Save Your Brakes

saving your brakes for a time when you really need them.


     Ups n' downs?   Life?  Elevators?  Auntie Mame?  Green Acres?  How 'bout "Wolf Creek Pass"?  There's a country song about that where Earl comments "My...ain't this purty up here?"  Purty?  You betcha - and deadly!

     Whoa, hoss.  Back up a little.  How'd we get up here anyway?  And where is Wolf Creek Pass?  Ever been to Colorado?  Wolf Creek Pass is on U.S. Highway 160 between South Fork and Pagosa Springs, not far from New Mexico and - oh yeah - over 10,000 feet.  We got five, six, and seven percent grades, warning signs, speed limits, 30 MPH curves, one tunnel, and two truck escape ramps!

     For someone driving a car, all that doesn't mean a whole lot.  But what if you're driving (or towing) an RV?  Everything's changed and there's a whole new set of rules.  Hmmm...wonder where we've heard that before?  To quote an unknown author (probably an ol' truck driver), "You can go down a mountain too slowly a thousand times, but too fast only once."  Think about it.

     Gettin' up that mountain poses no major problem if you've enough power and your cooling system is in good shape.  Of course, turbos and efficient exhaust systems may help.  But what about gettin' back down?  I don't intend to scare ya' into not goin' where you please, but I do want you to make sure your equipment is in good shape before you go.

     Check those brakes - ALL of them.   Are they in good condition and, more importantly, properly adjusted?  If they are, that's fine, but use your engine and transmission to keep your speed under control whenever possible.  Some aftermarket devices such as exhaust brakes and gear splitters or auxiliary transmissions may help.  Save your brakes and keep them cool enough to retain their stopping power.  Remember, the important thing is NOT how much you can pull, but how much you can stop!  Overheated brakes are of no earthly use whatsoever.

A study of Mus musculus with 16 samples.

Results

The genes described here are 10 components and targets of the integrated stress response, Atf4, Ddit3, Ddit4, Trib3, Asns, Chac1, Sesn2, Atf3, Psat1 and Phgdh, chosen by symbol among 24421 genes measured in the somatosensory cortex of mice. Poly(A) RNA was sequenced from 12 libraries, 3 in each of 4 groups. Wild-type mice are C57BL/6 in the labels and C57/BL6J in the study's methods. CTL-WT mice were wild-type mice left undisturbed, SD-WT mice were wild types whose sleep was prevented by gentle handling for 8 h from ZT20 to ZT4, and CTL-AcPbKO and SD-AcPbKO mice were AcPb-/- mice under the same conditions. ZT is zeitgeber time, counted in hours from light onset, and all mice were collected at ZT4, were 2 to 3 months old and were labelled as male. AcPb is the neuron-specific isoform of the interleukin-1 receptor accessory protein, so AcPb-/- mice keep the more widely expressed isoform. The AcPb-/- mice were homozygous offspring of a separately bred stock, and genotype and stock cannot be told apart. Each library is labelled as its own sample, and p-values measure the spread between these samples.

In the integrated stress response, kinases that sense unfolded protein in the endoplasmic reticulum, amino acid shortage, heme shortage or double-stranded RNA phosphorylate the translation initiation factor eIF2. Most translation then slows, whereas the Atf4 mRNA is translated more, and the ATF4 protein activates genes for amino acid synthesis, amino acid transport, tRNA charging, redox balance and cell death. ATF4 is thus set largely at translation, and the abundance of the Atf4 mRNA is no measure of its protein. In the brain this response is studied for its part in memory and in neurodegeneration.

"Well, how can I prevent my brakes from overheating?" you ask.  Yeah, I know.  You've heard it all before.  "Don't pump the brakes; don't ride the brakes; step on 'em hard to slow down, then let 'em cool."  Riiiight.  The best answer to your question is:   Don't use 'em...except to stop...completely.  If you need to use those brakes, find a wide spot and pull over.  And now that you're stopped, relax, take a nap, have a cup of coffee, unwind and calm those frayed nerves.  Just let those brakes cool off.  Allow enough time so that you can place your hand on any of the rig's wheels without burnin' yourself.  The wheels should be comfortable to the touch, not hot.

     The main ingredients involved in overheated brakes are the length of the grade, the steepness of the grade, the weight of the vehicle, and speed.  Reducing any of these variables will greatly improve your chances of getting down the mountain without overheating those brakes.  Most of the time, about the only thing that you, the driver, can change is speed, and reducing your speed may very well keep you and your family alive.

     'Nuff said.  See ya' down the road...

"Honey, hand me the Mountain Directory, will you please?"